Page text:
Sean Allen has been fighting for change in the Santa Clara County Sheriff’s Office for years, and he’s about to take that fight to the county’s top cop.
Allen told San José Spotlight on Friday he intends to file papers to run for sheriff in 2022. Allen is a sergeant who’s worked for the department for about three decades, mostly in the jail system. He’s also a former Santa Clara County Correctional Peace Officers’ Association board member and founder of Lodge 65 of the Fraternal Order of Police of California.
Allen said he wants to implement top-down reforms to change how the office is run.
“Whoever gets in there has to have the mindset of immediately creating some strong changes,” he said. “If you don’t, then you’re not going to affect the culture at all.”
Allen is not shy about criticizing Sheriff Laurie Smith for what he describes as chronic problems in the jail, including discrimination and mistreatment of staff. In 2017, NBC Bay Area investigated abuse of inmates and staff issues at the jail in the wake of the killing of inmate Michael Tyree. Eight correctional officers spoke with the media about their experiences at the jail, seven of whom did so anonymously for fear of retaliation. Allen is the only one who talked on record.
“The common theme you’ll hear about me is that if you’re being done wrong, I’ll fight for you,” Allen said. “The system is supposed to be equal, and it’s not, so I’ve had to endure years and years of fighting.”
Allen is the third candidate preparing to challenge Smith for her seat as sheriff, following retired captain Kevin Jensen and sergeant Christine Nagaye. Smith, who became sheriff in 1998, received a vote of no confidence three months ago from the Santa Clara County Board of Supervisors, which is also calling for state and federal investigations of her management of the jail system following the death of Tyree and two other high-profile injuries involving mentally ill inmates.
Smith did not immediately respond to a request for comment.
Allen said he understands specific problems that need fixing in the jail and he’s vocal about addressing them. Last year, he spoke out after a cadet died during RedMan training—an exercise where cadets are beaten while wearing padded equipment to learn defensive tactics. Allen, who worked as a training officer, said he received complaints about RedMan training for years.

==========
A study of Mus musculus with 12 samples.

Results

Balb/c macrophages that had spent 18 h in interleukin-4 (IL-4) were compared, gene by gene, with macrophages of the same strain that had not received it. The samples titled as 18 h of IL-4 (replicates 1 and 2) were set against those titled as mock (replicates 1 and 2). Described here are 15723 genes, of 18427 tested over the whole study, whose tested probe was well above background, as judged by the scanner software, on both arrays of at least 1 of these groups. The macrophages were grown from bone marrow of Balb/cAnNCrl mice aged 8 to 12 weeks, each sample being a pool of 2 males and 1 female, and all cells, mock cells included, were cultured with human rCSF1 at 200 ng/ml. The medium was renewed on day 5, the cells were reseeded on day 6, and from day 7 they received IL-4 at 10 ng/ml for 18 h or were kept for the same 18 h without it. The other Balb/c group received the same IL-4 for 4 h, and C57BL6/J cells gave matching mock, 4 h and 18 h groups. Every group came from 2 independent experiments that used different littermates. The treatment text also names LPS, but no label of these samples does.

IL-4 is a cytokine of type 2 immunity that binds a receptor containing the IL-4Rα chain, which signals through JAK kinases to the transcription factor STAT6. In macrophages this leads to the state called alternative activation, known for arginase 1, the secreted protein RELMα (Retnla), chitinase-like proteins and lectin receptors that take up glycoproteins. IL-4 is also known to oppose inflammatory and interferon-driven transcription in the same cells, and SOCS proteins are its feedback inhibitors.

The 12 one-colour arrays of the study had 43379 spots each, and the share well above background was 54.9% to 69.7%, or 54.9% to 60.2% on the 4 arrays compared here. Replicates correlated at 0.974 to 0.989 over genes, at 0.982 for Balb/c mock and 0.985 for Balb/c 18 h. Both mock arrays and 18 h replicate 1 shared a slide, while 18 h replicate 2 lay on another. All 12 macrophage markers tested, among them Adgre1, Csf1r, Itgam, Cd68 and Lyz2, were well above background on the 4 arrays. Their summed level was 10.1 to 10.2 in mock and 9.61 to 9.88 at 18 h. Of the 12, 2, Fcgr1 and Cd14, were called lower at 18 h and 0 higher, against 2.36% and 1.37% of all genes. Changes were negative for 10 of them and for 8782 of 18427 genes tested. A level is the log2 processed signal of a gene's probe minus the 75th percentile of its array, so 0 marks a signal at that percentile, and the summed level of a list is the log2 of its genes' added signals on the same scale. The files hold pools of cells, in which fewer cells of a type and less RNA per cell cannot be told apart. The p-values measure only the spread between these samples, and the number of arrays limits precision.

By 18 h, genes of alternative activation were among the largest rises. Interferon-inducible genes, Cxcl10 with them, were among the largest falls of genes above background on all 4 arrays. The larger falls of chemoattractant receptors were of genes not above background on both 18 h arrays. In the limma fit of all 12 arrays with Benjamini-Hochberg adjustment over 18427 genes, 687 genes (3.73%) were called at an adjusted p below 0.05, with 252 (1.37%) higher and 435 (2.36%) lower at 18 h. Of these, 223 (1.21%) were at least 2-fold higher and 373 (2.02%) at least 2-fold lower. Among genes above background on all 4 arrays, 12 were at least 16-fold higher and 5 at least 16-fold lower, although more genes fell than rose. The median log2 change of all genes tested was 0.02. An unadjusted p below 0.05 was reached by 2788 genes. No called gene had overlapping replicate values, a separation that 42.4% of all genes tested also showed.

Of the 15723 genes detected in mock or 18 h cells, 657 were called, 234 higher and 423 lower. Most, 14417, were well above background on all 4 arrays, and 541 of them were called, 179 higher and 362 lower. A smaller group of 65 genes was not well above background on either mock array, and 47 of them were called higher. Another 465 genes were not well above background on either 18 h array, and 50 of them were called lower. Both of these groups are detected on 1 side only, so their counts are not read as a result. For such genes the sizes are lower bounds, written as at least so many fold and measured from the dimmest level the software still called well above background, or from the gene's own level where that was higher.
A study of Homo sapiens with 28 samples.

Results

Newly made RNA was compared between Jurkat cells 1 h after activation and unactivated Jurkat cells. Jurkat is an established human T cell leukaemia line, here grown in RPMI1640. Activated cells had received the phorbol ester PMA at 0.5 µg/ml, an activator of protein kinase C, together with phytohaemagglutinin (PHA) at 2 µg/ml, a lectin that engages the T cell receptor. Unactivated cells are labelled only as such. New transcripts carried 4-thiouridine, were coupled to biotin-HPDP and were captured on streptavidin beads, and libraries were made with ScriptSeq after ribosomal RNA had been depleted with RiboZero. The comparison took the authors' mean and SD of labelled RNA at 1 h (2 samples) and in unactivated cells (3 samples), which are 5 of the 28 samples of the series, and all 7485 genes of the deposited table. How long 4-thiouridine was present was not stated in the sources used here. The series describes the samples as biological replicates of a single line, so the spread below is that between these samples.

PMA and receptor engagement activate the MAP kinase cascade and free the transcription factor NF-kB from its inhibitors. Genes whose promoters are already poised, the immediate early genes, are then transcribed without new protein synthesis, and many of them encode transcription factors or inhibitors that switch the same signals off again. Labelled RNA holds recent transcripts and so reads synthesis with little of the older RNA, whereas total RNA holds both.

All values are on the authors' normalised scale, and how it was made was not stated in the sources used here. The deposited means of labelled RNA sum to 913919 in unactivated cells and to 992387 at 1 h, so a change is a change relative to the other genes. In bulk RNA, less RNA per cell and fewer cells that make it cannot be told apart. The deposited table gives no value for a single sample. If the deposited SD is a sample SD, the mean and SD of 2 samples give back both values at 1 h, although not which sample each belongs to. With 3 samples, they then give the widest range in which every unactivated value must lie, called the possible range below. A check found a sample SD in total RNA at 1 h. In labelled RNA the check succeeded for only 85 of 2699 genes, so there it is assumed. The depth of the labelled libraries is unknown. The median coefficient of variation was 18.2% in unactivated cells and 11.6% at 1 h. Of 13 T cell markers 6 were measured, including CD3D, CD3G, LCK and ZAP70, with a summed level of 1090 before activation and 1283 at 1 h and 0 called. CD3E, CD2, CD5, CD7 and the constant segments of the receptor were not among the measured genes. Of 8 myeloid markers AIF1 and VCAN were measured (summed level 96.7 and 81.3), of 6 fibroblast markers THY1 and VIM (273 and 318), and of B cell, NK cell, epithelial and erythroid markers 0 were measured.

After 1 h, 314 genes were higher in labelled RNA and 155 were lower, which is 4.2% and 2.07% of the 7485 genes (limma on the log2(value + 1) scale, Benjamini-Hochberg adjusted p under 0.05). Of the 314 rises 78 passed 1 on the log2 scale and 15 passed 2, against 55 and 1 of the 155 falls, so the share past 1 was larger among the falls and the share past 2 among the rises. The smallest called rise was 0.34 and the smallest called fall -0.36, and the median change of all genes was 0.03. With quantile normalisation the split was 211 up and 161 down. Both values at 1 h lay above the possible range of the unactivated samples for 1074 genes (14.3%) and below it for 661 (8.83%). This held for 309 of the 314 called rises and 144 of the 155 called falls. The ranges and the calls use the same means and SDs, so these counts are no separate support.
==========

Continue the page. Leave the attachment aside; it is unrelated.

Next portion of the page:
“They’re literally learning violence is what you use to get people to comply, when it should be a last resort. It should not be a routine thing in your career,” he said.
Allen said he’s acutely aware of the mental health crisis in the jail. He was one of three sergeants working at the Elmwood facility in 2019 when inmate Andrew Hogan bashed his own head against a van while being transported for psychiatric services. That incident resulted in a lawsuit that cost the county a $10 million settlement. He said any new jail the county builds should have additional psychiatric resources for inmates.
“It should be more geared toward those kind of issues,” Allen said. “And if the state doesn’t want to absorb the cost… give people places where they can get the treatment they need.”
Matt Logan, who retired from the sheriff’s office in 2013, told San José Spotlight he’s known Allen for almost three decades and worked with him for years in the department. He said Allen serves as a strong advocate of union members, regardless of whether they dislike him personally. He said Allen tries to expose problems in the system when they arise.
“No one dislikes a bad cop more than a good cop,” Logan said. “And Sean is a good cop.”
Allen said he’s talking to several different unions about endorsements. He hasn’t received any official support from local lawmakers, but said he’s spoken with several about his campaign.
“There’s some interest, I don’t know how far it goes,” Allen said. “But there are definitely some people trying to give me a helping push.”